Game breakdown: Georgia at Kentucky


Saturday, 7 p.m.

Commonwealth Stadium, Lexington, Ky.


Records: Georgia 5-1 (3-1 SEC), Kentucky 1-6 (0-4)

Last week: Georgia was idle, Kentucky lost 49-7 to Arkansas

What’s the Story?: With a potentially huge game against No. 2 Florida on the horizon, Georgia needs to dust itself off after an embarrassing loss its last time out against South Carolina and put away a reeling Kentucky team that enters as a four-touchdown underdog.

Three Headlines:

1. Pressuring the quarterback: Georgia simply has not done a good enough job of rushing the passer, but that will be a primary objective on Saturday against the Wildcats’ freshman starter, Jalen Whitlow. He’ll be starting for just the third time, having gone 12-for-31 for 156 yards in his first two starts.

2. Returning to form on offense: Count on Georgia working hard to re-establish the running game that faltered against South Carolina when offensive coordinator Mike Bobo opted to lean on the passing game when the Bulldogs fell behind 21-0 early. Freshmen Todd Gurley (81-575, 9 TDs) and Keith Marshall (64-465, 5 TDs) should get a steady diet of touches against Kentucky.

3. Injuries a factor: Not only as Kentucky been devastated by injuries on offense -- Whitlow is the third quarterback to start a game and three different tailbacks have also started because of injuries -- and its defense has been just as bad. The Wildcats started three freshmen in the secondary last week and should start either two or three on the back end against Georgia depending whether previously injured players can return. The Bulldogs also have a major injury question in Jarvis Jones, who had not practiced as of Wednesday since suffering a sprained ankle against South Carolina on Oct. 6.

Players to watch:


1. Jordan Jenkins: If Jones is unable to go, true freshman outside linebacker Jenkins is an obvious choice to play a larger role against Kentucky. Jenkins, who trails Jones for the team sack lead by 2.5 (5.5 to three), joked that if Jones can’t play, he wants to use the opportunity to notch a couple of sacks and steal the team lead from his mentor.

2. Bacarri Rambo: Georgia’s All-America safety let a key early opportunity slip through his hands, literally, when he allowed Damiere Byrd to wrestle a 42-yard completion away from him on South Carolina’s game-opening touchdown drive. Georgia needs to see more of the Rambo who led the SEC with eight interceptions a season ago to solve its pass-defense problems.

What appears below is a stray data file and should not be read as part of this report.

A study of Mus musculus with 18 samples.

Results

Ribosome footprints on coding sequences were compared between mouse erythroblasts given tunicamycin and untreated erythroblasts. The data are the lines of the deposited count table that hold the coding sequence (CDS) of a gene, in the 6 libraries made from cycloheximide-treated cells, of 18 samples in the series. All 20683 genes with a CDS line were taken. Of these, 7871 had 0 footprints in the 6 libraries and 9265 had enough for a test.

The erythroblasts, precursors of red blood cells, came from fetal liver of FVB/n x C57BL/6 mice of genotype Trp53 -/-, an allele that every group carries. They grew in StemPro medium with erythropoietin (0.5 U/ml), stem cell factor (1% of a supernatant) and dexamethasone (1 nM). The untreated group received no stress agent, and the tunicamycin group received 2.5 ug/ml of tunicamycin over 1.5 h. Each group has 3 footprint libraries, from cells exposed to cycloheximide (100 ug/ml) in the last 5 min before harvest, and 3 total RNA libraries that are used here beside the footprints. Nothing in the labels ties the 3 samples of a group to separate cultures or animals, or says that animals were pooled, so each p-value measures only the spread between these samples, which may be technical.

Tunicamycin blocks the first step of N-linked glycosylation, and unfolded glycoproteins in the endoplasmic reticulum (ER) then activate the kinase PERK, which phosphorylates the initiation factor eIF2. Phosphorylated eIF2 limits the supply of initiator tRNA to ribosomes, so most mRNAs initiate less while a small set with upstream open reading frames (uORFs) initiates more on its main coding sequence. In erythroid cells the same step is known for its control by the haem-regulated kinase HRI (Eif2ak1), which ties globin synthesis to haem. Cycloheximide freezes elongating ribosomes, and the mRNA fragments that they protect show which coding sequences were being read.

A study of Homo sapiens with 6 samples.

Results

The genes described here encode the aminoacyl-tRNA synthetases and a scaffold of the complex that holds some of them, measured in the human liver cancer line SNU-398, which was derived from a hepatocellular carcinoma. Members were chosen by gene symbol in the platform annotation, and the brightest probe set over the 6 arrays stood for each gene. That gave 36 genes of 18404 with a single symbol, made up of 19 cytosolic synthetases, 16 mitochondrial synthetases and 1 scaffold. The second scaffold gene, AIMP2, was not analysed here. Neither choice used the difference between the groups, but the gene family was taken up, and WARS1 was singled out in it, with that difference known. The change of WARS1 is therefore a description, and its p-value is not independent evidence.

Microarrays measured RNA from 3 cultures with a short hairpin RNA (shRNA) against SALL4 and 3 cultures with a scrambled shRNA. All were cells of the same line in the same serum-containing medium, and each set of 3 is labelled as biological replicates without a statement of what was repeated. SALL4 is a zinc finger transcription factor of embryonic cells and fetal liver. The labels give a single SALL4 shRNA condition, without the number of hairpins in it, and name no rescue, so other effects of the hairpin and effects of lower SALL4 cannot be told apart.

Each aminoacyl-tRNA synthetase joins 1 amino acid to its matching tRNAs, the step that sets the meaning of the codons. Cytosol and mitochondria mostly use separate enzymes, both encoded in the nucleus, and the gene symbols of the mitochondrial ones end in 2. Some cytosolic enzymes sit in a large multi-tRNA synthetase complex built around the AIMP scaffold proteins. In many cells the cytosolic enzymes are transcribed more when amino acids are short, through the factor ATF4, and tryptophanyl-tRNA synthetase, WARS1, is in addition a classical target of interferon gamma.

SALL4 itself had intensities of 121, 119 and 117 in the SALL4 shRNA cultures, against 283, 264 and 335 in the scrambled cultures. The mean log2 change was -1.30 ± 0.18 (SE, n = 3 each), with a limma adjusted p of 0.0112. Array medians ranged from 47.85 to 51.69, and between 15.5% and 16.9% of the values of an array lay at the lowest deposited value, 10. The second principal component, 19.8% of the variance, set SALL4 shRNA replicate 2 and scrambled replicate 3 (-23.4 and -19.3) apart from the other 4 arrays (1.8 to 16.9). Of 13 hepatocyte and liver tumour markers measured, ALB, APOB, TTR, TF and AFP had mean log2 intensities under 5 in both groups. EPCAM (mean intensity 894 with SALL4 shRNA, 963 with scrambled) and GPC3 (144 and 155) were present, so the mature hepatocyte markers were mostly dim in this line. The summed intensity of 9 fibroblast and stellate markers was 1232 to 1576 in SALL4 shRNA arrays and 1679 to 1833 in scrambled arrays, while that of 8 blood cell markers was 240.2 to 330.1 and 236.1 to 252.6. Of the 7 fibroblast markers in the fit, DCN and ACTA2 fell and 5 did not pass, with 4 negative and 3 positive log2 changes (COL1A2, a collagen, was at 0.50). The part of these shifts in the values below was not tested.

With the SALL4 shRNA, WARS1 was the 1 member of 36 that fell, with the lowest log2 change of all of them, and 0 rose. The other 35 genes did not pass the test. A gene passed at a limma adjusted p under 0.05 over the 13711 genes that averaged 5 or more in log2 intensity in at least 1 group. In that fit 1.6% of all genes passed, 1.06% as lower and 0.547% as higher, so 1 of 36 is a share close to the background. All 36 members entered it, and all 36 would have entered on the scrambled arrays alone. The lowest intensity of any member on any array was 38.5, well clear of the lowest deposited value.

3. Aaron Murray: After a disappointing effort against South Carolina (11-for-31 for a career-low 109 yards and an interception), Georgia’s quarterback needs to get back on track before next weekend’s showdown against Florida. Kentucky’s defense is 11th in the SEC, allowing 232.2 passing yards per game.


1. Whitlow: The Wildcats had a reliable starting quarterback go down when Maxwell Smith suffered a torn ankle ligament a couple of weeks ago. They are still searching to find ways to keep from relying too heavily on a freshman quarterback who, while talented and athletic, is not ready for the responsibility of carrying an offense against tough SEC defenses.

2. Avery Williamson: It seems as though every season Kentucky has a tackling machine among its linebackers and this season is no different, with middle linebacker Williamson stepping into the role that outside linebacker Danny Trevathan vacated from last fall. Williamson ranks among the SEC and national leaders with 68 tackles (9.7 per game) and is one of the bright spots on a Kentucky defense that has struggled.

3. La’Rod King: King, who had a 61-yard touchdown catch for Kentucky’s only score against Arkansas, is one of the only legitimate offensive weapons on the Wildcats roster. He is seventh on Kentucky’s career receiving list with 1,569 yards and tied for fifth with 17 touchdown catches -- three of which have come against Georgia, including two the last time the teams played in Lexington.

Key Matchup:

Georgia’s defensive front vs. Kentucky’s running game

One could go in several different directions with this one -- Georgia’s receivers against Kentucky’s freshman-heavy secondary is also a matchup worth mentioning -- but if the Wildcats can’t run the ball at least a bit, they will be in big trouble. The last thing Kentucky coach Joker Phillips wants is for Georgia’s pass rushers to be able to pin their ears back and apply heavy pressure to his freshman quarterback.

By the Numbers

1. 444-88. Arkansas, which had struggled for most of the first half of this season, certainly got it together in taking a 42-0 halftime lead against Kentucky last weekend. The Razorbacks outgained the Wildcats 444 yards to 88 in the first half. When the game was called because of severe weather with 5:08 left in the third quarter, Arkansas had a 533-170 yardage advantage.

2. 13-4. Georgia is coming off its open date against Kentucky, which typically bodes well for the Bulldogs. They are 13-4 under Mark Richt following a bye week. This is the first time a Richt-led Georgia team has faced Kentucky after a bye.

3. 41.3. In the wake of the South Carolina loss, some Georgia fans seem to have forgotten that the Bulldogs are still on pace to set a single-season school record with an average of 41.3 points per game. The number to beat is 37.2 ppg, set by the 1946 Bulldogs during a 10-game season.

On Deck: All eyes within Georgia’s fan base will be on Gainesville, Fla., on Saturday afternoon, as Florida and South Carolina play for first place in the SEC East. If the Gators can pull out a victory, that would put the winner of the Georgia-Florida game the following weekend in the driver’s seat in the division race. This is one of the rare times that Bulldogs fans will admit to pulling for the Gators.